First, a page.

Michael Galarnyk
Developer Relations at Intel and cnvrg.io
Expertise: Data science and engineering
Education: University of California San Diego

Michael Galarnyk works in developer relations at Intel and cnvrg.io, the company behind the Ray Project. Galarnyk served as an instructor with Stanford Continuing Studies and has been working in data science since 2013. He holds a master’s degree in data science and engineering from UC San Diego and a bachelor’s degree in nanoengineering. 

Python lists store an ordered collection of items that can be of different types. After defining a list, it’s possible to update the individual items in a list. Here’s how.
A close up image of a dictionary on its side.
This Python dictionary tutorial covers how to define and access values in a dictionary, how to iterate through a dictionary and various dictionary methods.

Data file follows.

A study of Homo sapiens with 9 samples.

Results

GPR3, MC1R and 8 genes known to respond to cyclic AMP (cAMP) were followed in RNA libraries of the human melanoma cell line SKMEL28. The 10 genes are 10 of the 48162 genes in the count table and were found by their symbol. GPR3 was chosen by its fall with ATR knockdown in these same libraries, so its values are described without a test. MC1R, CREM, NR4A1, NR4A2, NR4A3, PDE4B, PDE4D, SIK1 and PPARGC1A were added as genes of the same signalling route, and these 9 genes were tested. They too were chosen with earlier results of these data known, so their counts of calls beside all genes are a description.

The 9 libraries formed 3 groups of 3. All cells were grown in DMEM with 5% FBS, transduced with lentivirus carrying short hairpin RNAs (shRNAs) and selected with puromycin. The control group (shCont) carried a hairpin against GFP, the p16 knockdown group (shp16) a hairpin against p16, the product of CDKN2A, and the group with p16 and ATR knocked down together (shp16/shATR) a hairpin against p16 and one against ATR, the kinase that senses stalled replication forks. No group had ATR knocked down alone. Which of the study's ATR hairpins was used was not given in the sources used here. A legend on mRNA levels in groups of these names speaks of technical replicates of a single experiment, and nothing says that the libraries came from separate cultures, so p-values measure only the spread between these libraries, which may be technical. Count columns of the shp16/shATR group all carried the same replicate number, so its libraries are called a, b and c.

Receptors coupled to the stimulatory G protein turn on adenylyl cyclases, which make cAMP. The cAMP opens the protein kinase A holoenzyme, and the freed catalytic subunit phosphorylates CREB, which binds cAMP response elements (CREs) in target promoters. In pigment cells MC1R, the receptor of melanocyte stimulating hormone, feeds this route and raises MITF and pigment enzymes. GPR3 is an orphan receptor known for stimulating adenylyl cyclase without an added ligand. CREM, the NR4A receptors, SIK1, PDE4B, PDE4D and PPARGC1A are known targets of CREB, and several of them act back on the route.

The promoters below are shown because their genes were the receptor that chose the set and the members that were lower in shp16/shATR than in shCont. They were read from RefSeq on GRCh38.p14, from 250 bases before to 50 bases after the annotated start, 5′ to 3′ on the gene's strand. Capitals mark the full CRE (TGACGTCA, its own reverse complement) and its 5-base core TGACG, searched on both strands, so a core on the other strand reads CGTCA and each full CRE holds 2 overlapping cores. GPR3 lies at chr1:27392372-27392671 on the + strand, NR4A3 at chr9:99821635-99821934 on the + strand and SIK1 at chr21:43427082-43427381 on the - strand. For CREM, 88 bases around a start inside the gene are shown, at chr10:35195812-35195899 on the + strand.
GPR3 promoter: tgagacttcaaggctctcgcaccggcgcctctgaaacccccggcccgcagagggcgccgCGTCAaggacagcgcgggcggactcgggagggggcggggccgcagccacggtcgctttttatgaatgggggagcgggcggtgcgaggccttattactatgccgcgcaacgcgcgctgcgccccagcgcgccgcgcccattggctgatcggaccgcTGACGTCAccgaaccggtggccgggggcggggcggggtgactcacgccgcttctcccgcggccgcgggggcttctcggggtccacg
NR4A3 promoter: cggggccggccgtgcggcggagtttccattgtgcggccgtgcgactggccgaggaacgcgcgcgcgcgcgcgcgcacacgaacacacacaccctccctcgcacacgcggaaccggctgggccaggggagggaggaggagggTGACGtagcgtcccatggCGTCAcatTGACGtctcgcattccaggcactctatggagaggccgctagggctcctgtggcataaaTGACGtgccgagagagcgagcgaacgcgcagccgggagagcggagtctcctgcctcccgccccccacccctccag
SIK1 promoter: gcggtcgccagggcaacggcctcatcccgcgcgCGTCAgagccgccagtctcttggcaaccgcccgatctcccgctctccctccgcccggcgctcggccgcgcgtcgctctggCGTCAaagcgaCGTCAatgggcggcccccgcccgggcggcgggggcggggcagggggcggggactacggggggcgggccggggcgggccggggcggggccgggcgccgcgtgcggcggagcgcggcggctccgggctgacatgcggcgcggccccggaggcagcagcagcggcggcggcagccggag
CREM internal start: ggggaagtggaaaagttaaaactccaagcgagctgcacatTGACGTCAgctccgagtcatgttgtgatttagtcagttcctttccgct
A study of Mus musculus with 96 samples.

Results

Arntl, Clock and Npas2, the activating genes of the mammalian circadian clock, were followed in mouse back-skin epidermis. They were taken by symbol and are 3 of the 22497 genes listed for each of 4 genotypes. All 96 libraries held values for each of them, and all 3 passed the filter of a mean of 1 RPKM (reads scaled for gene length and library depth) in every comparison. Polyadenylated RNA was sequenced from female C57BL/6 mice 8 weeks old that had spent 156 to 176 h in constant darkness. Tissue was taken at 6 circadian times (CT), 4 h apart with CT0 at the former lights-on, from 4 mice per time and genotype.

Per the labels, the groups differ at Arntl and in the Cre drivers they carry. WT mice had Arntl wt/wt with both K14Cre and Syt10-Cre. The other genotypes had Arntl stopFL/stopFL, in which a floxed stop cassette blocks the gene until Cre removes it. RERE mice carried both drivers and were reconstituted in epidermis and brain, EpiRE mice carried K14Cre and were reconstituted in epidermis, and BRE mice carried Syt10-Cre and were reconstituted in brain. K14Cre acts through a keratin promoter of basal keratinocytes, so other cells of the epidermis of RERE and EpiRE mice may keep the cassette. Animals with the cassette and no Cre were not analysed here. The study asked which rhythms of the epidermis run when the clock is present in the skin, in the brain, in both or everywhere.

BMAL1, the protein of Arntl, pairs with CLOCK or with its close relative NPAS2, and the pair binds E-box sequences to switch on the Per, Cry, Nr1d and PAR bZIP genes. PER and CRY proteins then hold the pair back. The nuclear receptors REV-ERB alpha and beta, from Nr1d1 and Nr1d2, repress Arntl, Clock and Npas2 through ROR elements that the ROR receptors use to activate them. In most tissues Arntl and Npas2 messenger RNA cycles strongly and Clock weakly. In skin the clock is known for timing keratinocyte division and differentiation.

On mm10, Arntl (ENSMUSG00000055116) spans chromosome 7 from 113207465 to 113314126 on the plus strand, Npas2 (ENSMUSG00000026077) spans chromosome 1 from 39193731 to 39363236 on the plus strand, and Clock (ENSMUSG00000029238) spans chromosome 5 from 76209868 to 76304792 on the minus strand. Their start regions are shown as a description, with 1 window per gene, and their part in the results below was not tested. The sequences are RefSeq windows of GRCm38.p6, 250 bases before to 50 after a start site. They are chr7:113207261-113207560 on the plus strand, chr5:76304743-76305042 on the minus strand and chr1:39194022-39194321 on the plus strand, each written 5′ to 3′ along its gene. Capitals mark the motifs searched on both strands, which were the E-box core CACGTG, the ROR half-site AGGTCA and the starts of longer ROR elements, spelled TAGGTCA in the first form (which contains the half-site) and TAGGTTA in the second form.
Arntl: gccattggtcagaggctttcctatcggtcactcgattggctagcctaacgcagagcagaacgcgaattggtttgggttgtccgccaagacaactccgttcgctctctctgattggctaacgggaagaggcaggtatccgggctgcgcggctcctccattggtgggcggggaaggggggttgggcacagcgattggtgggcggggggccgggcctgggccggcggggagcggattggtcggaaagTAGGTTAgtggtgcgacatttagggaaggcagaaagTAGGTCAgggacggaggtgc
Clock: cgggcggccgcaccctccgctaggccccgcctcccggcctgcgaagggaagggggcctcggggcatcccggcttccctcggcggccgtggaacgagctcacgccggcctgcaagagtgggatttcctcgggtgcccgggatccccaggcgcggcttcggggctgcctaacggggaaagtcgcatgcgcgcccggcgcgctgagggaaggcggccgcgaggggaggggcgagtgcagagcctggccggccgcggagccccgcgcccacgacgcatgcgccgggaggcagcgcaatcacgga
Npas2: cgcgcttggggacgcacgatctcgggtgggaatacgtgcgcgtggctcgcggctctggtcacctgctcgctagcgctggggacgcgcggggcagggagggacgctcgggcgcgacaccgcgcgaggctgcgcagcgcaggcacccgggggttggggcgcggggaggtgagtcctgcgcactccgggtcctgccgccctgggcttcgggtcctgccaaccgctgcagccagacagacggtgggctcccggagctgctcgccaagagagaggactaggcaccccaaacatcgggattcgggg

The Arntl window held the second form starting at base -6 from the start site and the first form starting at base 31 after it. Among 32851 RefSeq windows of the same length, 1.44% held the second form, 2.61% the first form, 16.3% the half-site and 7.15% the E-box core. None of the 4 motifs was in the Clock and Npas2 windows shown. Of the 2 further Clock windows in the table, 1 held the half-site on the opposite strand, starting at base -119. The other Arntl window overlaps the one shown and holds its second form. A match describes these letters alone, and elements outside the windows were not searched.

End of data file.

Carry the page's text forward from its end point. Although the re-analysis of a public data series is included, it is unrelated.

Speedometers on a horizon illustration
Principal component analysis (PCA) in Python can be used to speed up model training or for data visualization. This tutorial covers both using scikit-learn.
person taking a test
A z-table, or standard normal table, reveals what percentage of values fall below a certain z-score in a normal distribution. Here’s how to use one and create your own.
five stacks of boxes increasing in size incrementally
Boxplots are graphs that tell you how your data’s values are spread out. Here’s how to read a boxplot and even create your own.
Empirical Rule Julius Caeser
The empirical rule, also known as the 68-95-99.7 rule, represents the spread of data within a normal distribution. Here’s what you need to know.
train test split image of a train
Train test split is a model validation procedure that reveals how your model performs on new data. Here’s how to apply it.